Field Marshal Sam Manekshaw

Sam Manekshaw, a legendary figure in Indian military history, was the first Indian army officer to become Field Marshal. He served in the Indian Army for over four decades and was instrumental in shaping its modernization and professionalism. His life and contributions to the Indian Army continue to inspire generations of soldiers and leaders.

Born in Amritsar, Punjab, Manekshaw completed his schooling in Punjab and later graduated from the Indian Military Academy in Dehradun. He was commissioned into the British Indian Army in 1934 and served in the Burma campaign during World War II. He saw action in several key battles, including the Battle of Imphal, and was awarded the Military Cross for his gallantry.

In 1962, Manekshaw served as the General Officer Commanding-in-Chief of the Eastern Command during the Sino-Indian War. He was critical of the government's handling of the conflict and clashed with Prime Minister Jawaharlal Nehru and Defence Minister V.K. Krishna Menon over military strategy.

Manekshaw became the Chief of Army Staff in 1969, and during his tenure, he implemented several key reforms aimed at modernizing the Army. He revamped the training manuals at the Infantry School in Mhow and played a pivotal role in putting down the Naga insurgency.

Manekshaw's greatest achievement came during the Indo-Pakistani War of 1971. When crisis broke out in East Bengal, then-Prime Minister Indira Gandhi asked Manekshaw if they were ready to go to war. He refused, saying that the Army was not yet battle-ready and with Himalayan passes flooding, it would be too difficult. But he made it clear to Indira Gandhi that he would lead the Army on his own terms, else he was prepared to resign. Knowing his capability, Indira agreed and gave him a free hand to plan his strategies. Manekshaw's strategic planning and tactical brilliance were instrumental in India's victory, resulting in the creation of Bangladesh. His use of Mukti Bahini guerrilla fighters and his leadership were vital in securing the Eastern front.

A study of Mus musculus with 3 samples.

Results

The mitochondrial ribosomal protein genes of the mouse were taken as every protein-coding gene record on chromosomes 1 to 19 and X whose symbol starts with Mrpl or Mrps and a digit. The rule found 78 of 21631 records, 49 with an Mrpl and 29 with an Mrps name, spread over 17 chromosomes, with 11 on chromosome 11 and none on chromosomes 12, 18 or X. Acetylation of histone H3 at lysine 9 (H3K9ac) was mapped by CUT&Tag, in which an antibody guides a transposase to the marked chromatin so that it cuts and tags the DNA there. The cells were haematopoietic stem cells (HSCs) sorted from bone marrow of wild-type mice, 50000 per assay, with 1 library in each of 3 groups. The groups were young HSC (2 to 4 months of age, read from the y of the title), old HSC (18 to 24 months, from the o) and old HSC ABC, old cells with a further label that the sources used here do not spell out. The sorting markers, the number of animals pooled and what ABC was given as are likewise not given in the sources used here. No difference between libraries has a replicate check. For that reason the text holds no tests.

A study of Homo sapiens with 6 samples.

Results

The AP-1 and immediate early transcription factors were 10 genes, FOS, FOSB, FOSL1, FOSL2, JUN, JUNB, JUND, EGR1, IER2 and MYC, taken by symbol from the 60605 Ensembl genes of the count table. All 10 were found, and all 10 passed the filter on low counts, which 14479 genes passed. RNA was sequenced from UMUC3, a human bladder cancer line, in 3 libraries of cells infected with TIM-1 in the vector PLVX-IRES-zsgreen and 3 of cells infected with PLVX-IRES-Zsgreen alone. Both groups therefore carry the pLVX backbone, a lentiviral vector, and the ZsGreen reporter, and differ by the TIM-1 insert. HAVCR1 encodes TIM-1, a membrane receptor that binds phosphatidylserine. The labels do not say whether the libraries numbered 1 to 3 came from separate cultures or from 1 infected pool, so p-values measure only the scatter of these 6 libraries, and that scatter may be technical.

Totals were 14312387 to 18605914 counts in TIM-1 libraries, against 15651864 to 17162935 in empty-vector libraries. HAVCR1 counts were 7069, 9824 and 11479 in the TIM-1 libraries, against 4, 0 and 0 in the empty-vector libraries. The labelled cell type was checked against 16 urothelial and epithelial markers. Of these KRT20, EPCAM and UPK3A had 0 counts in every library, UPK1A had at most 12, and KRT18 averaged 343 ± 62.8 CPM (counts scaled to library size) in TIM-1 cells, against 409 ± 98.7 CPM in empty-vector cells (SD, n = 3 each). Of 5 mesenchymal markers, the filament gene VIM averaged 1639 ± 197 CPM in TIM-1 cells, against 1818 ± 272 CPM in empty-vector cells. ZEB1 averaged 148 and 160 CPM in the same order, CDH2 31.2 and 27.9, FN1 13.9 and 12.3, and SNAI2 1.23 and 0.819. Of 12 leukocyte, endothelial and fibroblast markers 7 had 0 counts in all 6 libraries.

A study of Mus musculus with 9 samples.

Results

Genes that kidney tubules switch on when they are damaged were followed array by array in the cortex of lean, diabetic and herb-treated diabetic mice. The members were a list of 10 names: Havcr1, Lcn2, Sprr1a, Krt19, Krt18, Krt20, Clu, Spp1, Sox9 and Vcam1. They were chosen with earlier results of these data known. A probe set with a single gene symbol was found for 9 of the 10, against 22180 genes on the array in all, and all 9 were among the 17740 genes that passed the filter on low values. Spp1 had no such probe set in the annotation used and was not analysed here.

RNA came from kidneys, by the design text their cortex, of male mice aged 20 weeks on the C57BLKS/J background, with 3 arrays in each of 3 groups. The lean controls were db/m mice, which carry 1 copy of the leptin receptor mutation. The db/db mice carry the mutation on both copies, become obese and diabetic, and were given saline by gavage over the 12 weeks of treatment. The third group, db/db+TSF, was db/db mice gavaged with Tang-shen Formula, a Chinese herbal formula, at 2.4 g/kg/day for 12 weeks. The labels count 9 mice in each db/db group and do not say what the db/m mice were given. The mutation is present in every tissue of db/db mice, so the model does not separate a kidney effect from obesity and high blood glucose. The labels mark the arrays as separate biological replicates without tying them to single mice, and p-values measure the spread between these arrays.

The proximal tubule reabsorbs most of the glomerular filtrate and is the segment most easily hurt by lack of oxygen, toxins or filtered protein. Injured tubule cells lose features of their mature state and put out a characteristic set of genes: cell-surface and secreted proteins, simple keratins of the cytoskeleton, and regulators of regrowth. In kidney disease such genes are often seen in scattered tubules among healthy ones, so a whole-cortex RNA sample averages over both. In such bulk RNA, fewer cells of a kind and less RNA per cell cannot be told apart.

Manekshaw was awarded the Padma Vibhushan in 1972, the second-highest civilian award in India. In 1973, he was appointed Field Marshal, the highest rank in the Indian Army. He was the first Indian Army officer to achieve this rank.

Manekshaw passed away on June 27, 2008, at the age of 94. He was known for his wit and sense of humour and was beloved by his subordinates and colleagues. He remains a national hero and a symbol of India's military prowess. His leadership and professionalism continue to inspire generations of soldiers and leaders in the Indian Army.

In conclusion, Sam Manekshaw's life and achievements are a testament to his unwavering commitment to the Indian Army and the country. His contributions to modernizing and professionalizing the Indian Army have left a lasting impact, and his leadership during the 1971 War is a shining example of tactical brilliance and strategic planning.

His famous radio message to Pakistan on December 9, 1971, "Indian forces have surrounded you. Your Air Force is destroyed. You have no hope of any help from them. Chittagong, Chalna, and Mangla ports are blocked. Your fate is sealed," became a defining moment in the war.

Even after Pakistan's surrender, Manekshaw remained humble and sent Lt. Gen Jagjit Singh Aurora to sign the treaty. He believed in giving credit where it was due and was a true team player.

His legacy continues to inspire and motivate the next generation of soldiers and leaders in the Indian Army, and he remains a national hero and an inspiration to all.